Original air date: May 1, 1989

Picard is getting ready to take a ride on an Arabian horse in the holodeck when Riker summons him to the bridge. A local cluster of planets have all been exploding for some unknown reason. Riker suggests that a team of scientists investigate the cause, with Wesley in charge to give him some command experience in a low-stakes assignment.

The stakes get higher when Data answers a distress call from Sarjenka, a little girl on one of the planets that is about to explode. The problem is that Sarjenka's civilization is a pre-warp society, so the Prime Directive mandates that the Enterprise practice a policy of non-interference. When Data finally admits his actions to Picard, the bridge crew debate whether they should help save the girl.

Meanwhile, Wesley is struggling to take charge of his team of scientists. They are all older and more experienced than him, so when they question his orders, he doubts himself. After a few pep talks from Riker, Wesley takes inspiration from Picard's command style of conferring with his subordinates, making a decision, and living with the consequences. He orders his scientists to make a thorough but potentially wasteful survey of the planet. They eventually come up with a solution to the planet's tectonic problems.

Picard is reluctantly convinced to allow Data to beam down to Sarjenka and bring her back aboard the ship. She watches as the ship enacts Wesley's proposal to save the planet, and it works. Sarjenka thanks Data for her help and wistfully wishes that she could stay with him on his ship, but she knows that's not possible. Before she leaves, Picard orders that all memory of Data and the ship be wiped from her memory to preserve some semblance of the Prime Directive. Data leaves Sarjenka behind with a keepsake that she will no longer understand and must be comforted by the fact that he will remember their time together.


  • Character Development: When Picard insists that the crew mustn't let their emotions get involved when deciding what to do regarding Drema IV, Pulaski replies "My emotions are involved. Data's friend is going to die. That means something." Worf growls that it may mean something to Data, and Pulaski snaps that this doesn't invalidate the emotion. This is a major shift from when she first came on board, when she didn't even consider him a sentient being and would have regarded "Data's friend" as a meaningless phrase.
  • Condescending Compassion: Ensign Davies sympathizes with the pressure that Wesley is feeling during his first command, and offers to take over for him if he ever feels unfit to the task. Wesley clearly senses the condescension and stiffly states that he's unlikely to require that service.
  • Consummate Professional: Wesley is worried to death that his scientific team will not respect him or follow him, but Riker assures him that they are Starfleet officers who will follow the chain of command. When Wesley initially proposes a time-consuming task unlikely to achieve any results, they advise him against it, but when Wesley finally delivers an order to do the task, they cheerfully comply without issue; as good officers, they make their objections (politely) known, but go along with what their commander ultimately decides.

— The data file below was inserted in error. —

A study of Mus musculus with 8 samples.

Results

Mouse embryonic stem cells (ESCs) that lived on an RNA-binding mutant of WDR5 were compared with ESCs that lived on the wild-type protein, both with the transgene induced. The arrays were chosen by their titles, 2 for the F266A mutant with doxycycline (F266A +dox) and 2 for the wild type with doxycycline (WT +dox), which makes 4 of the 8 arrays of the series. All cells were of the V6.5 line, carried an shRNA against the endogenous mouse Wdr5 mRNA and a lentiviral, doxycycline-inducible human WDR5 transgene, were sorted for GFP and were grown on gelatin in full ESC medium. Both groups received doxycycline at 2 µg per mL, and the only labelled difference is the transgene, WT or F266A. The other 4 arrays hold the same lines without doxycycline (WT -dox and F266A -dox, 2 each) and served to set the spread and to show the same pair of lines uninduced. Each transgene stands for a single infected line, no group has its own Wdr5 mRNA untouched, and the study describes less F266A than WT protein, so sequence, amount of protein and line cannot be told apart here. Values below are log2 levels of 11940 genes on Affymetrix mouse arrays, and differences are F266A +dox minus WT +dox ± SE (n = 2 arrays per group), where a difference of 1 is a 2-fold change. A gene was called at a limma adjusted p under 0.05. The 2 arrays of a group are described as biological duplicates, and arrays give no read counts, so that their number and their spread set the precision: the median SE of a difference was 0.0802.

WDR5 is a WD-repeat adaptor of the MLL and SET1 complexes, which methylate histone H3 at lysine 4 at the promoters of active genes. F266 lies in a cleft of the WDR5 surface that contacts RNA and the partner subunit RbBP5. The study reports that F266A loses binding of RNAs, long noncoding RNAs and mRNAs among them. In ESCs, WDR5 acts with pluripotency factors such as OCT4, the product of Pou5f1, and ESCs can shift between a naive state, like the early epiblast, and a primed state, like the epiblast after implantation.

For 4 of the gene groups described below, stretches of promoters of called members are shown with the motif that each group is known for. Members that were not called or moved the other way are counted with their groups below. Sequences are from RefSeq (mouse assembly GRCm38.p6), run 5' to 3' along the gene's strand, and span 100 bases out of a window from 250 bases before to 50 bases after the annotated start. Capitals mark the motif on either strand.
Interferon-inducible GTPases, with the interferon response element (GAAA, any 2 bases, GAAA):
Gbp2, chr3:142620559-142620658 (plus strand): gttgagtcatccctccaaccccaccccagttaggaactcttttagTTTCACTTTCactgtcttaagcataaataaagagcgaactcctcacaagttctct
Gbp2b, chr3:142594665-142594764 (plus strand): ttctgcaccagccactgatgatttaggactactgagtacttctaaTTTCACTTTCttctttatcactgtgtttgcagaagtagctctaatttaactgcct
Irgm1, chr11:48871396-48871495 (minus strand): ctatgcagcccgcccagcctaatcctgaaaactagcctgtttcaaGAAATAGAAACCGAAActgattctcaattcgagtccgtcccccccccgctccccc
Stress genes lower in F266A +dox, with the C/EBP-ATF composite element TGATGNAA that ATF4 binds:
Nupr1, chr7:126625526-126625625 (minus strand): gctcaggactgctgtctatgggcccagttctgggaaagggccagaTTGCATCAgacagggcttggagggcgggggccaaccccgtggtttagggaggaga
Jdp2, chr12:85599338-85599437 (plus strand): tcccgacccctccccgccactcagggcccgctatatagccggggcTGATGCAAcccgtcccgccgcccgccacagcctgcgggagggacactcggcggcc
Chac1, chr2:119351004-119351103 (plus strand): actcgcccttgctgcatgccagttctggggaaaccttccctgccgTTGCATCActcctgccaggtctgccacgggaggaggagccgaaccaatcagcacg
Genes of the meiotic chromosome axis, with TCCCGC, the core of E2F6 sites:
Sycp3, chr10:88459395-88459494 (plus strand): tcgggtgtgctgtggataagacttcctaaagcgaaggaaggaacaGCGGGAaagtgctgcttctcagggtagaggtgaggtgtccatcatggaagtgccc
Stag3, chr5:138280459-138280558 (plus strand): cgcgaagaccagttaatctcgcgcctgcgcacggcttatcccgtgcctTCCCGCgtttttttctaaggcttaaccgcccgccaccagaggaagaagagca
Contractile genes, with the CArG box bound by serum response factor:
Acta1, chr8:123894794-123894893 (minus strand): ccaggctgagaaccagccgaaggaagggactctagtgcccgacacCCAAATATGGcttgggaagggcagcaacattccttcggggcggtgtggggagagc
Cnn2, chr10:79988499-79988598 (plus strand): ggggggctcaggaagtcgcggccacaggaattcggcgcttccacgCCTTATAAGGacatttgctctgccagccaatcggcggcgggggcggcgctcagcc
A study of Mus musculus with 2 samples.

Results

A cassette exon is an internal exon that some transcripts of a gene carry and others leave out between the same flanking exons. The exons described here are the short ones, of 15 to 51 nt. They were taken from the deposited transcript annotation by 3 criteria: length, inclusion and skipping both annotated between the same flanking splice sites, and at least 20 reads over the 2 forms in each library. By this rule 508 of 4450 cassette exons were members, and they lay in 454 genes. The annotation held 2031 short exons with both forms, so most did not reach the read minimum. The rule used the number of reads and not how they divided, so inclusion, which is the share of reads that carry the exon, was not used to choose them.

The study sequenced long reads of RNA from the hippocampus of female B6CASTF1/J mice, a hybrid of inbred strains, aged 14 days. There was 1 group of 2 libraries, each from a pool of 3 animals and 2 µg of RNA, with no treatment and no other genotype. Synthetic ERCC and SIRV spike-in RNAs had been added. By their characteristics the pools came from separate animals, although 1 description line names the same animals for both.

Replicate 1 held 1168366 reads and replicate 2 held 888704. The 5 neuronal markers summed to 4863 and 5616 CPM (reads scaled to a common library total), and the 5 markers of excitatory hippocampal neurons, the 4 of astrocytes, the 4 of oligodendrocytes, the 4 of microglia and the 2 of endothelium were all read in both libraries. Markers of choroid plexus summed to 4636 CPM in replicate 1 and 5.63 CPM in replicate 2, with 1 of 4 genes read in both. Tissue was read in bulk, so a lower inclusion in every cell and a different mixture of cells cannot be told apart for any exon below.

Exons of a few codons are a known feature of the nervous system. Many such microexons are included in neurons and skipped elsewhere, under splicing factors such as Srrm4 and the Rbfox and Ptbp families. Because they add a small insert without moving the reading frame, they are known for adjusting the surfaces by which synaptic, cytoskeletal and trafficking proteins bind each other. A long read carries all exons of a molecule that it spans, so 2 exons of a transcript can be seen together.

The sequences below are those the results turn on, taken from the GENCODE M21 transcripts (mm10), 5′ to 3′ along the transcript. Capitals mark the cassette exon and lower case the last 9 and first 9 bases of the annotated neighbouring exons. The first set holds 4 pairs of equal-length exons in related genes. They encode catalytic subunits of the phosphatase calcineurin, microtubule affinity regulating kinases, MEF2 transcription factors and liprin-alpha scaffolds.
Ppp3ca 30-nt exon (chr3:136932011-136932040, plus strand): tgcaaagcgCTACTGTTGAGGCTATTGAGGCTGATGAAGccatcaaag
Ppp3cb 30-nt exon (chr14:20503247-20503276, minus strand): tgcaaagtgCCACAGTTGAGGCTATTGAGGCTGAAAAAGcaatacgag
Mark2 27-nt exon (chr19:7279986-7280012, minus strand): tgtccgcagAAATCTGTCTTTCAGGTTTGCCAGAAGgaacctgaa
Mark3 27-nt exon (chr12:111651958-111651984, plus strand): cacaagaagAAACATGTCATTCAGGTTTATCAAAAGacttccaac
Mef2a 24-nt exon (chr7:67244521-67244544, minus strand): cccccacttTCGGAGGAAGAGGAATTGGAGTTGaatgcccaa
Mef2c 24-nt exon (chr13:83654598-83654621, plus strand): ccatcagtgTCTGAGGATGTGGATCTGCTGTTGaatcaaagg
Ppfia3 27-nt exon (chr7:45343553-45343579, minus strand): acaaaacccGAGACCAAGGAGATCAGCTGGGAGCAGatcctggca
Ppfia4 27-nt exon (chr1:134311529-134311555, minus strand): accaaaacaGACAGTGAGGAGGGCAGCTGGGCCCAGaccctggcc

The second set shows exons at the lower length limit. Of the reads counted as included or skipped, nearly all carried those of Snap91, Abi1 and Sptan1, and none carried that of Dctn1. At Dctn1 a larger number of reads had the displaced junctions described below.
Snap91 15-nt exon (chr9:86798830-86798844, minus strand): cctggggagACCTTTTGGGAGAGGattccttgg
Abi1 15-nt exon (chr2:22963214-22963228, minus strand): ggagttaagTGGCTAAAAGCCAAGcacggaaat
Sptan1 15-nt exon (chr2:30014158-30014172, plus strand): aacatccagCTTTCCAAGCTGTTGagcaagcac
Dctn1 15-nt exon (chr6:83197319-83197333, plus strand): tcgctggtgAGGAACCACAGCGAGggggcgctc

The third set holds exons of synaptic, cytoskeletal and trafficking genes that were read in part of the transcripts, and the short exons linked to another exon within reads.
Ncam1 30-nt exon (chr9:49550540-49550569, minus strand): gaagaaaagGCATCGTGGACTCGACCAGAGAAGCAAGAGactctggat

• Creepy Long Fingers: Part of what gives Sarjenka her surprisingly un-cute appearance is her creepily long fingers.
  • Ensign Newbie: Wesley is given command of a small science team, to test whether he has command ability and leadership skills.
  • From Bad to Worse: First, Data talks to a young girl from a non-warp species. Then he beams down to that planet. Later on, he beams the girl up.
    O'Brien: There's going to be hell to pay!
  • Halfway Plot Switch: A downplayed example; most of the episode's first half is taken up by Wesley's struggling to get to grips with commanding his science team, with Data's communications with Sarjenka only playing a small role at first, and not taking over as the main plot until the meeting in Picard's quarters at almost exactly the halfway point. However, Wesley's subplot still ends up proving crucial to solving the disaster facing Drema IV.
  • Intergenerational Friendship: Data, an "adult" android, becomes friends with a young girl.
  • I Was Never Here: When Riker beams Data down to Drema IV:
    Riker: O'Brien, take a nap. You didn't see any of this. You're not involved.
    O'Brien: Right, sir. I'll just be standing over here dozing off.
  • Loophole Abuse: During the discussion between the senior officers after Data's actions come to light, Geordi, Data, and Pulaski are all quite keen to treat Sarjenka's communication as a call for help as a way to get around the Prime Directive. Picard regards this as sophistrynote , suggesting that he doesn't buy the loophole.
  • Screw the Rules, I'm Doing What's Right!: The theme of the episode. Data breaks the Prime Directive to help a little girl, even though this may have negative repercussions further down the road. Much of the episode is dedicated to debating whether to support his decision.
  • What Measure Is a Non-Cute?: Rather than an adorable little girl who will tug at the viewer's heart strings, Sarjenka is a rather creepy-looking alien who is also a sweet little girl.